After a flurry of albums with the First and Second National Bands in the early 1970s, Michael Nesmith began to broaden his artistic scope. In 1972, Nez formed Countryside Records, a subsidiary of Elektra Records, to produce and promote country and western artists including Red Rhodes, Tom Holbrook, Steve Fromholz, and Garland Frady. One of Michael's most noteworthy projects from this era included his collaboration with British musician and singer-songwriter Ian Matthews on the album Valley Hi. Matthews had previously been a member of the folk rock band Fairport Convention, and Nez acted as producer for his 1973 LP on Elektra.
Valley Hi is noteworthy for Matthews' version of "Seven Bridges Road," a song later made famous by The Eagles on their 1980 album Eagles Live. Rhino Records highlighted the track earlier this week in an article entitled "5 Things You May Not Have Known About Mike Nesmith" while celebrating Michael's recent birthday:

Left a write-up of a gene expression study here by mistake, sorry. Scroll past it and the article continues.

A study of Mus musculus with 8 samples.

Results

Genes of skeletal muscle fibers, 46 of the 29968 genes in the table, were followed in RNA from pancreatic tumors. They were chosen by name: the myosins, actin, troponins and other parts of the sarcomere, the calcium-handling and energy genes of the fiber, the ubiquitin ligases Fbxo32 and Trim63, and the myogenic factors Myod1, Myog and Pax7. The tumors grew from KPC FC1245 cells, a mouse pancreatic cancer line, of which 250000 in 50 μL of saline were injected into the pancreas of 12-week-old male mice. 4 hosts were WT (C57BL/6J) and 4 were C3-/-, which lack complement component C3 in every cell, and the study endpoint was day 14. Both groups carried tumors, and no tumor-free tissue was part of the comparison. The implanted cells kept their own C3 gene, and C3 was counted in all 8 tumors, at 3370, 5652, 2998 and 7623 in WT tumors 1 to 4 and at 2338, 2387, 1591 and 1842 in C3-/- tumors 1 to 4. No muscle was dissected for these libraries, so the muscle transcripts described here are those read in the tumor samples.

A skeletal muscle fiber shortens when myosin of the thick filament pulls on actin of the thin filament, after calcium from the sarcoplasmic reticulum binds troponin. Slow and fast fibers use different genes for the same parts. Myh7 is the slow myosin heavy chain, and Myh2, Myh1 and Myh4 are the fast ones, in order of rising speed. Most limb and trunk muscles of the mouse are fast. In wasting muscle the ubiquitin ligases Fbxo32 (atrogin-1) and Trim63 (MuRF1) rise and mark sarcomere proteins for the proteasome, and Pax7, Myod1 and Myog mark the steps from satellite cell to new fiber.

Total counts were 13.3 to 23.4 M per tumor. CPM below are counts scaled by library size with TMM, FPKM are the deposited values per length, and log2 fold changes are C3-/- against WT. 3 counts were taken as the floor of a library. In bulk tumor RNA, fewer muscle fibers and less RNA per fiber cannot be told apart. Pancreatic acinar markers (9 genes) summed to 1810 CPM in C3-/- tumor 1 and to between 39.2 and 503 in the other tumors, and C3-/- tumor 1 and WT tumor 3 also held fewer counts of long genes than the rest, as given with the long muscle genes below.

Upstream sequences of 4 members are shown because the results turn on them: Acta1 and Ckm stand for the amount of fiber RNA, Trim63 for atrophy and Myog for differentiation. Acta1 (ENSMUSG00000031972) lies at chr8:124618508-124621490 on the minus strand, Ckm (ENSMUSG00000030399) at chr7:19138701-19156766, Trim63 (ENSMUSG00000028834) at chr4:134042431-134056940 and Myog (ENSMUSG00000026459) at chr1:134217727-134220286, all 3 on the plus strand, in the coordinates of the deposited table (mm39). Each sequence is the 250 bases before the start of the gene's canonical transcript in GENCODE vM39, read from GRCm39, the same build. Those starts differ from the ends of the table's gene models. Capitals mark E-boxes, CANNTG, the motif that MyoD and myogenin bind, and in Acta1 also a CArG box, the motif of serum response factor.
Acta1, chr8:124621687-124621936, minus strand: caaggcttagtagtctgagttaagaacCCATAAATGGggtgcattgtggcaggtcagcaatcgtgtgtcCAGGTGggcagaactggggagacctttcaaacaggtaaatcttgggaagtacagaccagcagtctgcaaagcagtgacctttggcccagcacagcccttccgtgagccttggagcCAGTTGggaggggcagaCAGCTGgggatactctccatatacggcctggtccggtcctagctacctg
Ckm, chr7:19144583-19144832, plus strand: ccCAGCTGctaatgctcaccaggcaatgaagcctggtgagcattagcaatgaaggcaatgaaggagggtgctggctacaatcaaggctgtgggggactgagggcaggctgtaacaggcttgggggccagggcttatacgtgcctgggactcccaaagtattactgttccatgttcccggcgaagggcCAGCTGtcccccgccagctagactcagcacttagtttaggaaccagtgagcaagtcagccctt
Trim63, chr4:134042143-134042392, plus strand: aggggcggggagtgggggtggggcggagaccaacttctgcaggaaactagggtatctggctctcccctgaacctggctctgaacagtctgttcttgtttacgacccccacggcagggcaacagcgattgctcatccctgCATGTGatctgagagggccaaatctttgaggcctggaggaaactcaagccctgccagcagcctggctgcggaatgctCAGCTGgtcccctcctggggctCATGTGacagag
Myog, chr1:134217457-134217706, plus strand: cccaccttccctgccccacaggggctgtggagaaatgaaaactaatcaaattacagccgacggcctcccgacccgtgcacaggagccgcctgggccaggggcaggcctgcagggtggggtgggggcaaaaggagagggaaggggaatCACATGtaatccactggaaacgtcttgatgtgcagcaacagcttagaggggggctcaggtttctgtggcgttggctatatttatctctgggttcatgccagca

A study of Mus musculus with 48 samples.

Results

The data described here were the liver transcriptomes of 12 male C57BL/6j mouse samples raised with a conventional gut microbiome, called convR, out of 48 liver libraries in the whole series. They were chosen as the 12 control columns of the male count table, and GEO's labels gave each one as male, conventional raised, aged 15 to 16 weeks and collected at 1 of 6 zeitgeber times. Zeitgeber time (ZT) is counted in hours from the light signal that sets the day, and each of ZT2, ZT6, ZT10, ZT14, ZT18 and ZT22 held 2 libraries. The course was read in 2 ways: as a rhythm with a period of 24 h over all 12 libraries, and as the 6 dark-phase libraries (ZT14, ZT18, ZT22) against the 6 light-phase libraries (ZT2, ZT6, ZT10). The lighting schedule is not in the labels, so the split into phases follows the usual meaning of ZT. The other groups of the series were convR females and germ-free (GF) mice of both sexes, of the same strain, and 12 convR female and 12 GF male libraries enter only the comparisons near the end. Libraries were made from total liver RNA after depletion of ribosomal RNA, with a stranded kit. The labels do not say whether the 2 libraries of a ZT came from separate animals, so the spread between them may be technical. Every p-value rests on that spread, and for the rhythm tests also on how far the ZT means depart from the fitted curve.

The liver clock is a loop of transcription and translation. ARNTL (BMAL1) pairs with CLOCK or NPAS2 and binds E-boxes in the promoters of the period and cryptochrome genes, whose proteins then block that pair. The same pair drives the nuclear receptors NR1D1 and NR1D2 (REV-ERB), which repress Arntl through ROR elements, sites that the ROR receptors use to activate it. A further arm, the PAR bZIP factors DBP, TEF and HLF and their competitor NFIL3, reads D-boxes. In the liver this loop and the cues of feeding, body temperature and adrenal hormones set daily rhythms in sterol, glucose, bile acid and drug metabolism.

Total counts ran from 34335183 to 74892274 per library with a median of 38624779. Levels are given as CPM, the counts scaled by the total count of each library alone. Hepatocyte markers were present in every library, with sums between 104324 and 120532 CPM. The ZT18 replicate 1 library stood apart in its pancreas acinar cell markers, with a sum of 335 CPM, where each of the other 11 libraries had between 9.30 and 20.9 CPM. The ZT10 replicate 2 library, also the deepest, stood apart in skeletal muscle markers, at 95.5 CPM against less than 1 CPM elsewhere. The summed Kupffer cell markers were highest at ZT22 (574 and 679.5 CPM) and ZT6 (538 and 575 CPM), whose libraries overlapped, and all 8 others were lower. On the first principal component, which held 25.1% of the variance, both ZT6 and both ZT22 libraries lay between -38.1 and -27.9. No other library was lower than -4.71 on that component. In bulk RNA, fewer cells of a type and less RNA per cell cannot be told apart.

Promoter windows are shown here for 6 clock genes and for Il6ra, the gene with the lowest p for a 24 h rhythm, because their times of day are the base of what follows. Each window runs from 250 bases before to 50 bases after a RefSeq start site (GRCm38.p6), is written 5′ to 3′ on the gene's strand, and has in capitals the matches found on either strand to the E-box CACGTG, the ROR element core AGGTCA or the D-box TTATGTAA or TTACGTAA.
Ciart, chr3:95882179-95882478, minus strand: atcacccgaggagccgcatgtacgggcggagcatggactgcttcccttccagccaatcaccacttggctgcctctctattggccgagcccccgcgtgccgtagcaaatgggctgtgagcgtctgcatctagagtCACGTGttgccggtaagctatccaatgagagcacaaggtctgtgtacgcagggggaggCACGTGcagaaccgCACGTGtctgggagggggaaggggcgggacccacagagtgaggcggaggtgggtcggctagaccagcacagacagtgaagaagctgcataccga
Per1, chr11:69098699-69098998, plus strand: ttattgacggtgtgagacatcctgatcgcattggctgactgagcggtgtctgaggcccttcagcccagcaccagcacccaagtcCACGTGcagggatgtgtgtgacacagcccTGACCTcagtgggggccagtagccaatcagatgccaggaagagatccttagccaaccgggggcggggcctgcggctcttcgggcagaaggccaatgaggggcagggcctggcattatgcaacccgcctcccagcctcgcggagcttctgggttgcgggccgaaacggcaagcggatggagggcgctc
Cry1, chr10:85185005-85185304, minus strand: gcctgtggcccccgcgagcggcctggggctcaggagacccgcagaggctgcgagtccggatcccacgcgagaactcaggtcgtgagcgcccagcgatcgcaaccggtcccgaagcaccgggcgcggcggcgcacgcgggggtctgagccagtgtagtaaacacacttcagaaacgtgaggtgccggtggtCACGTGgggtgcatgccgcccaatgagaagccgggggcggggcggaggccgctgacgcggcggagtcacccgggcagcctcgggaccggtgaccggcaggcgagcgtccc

He produced, sang, and played on Ian Matthews’ version of "Seven Bridges Road." Written by Steve Young and arguably made most famous by the Eagles, Nesmith recorded Matthews’ version of the song in 1973 for Matthews’ VALLEY HI album, and if you listen to that version first and then listen to the Eagles’ version, what you will notice is that the tempo and arrangements are pretty much identical. Like, to the degree that Nesmith later said of that similarity, "Son of a gun if Don or somebody in Eagles didn’t lift [our] arrangement absolutely note for note for vocal harmony. If they can’t think it up themselves [and] they’ve got to steal it from somebody else, better they should steal it...from me, I guess."
Matthews also covered Nesmith's classic "Propinquity" on Valley Hi.
And now, this period of Michael Nesmith's career and his work with Ian Matthews has been examined in much greater depth by Peter Mills, author of The Monkees, Head, and the '60s, in his new blog Pete Sounds. Peter relayed to the Live Almanac that he had to leave an abundance of material for his book on the cutting room floor, but now fans can enjoy his research about this often overlooked period of Nesmith history. Click the image below to visit Peter's blog!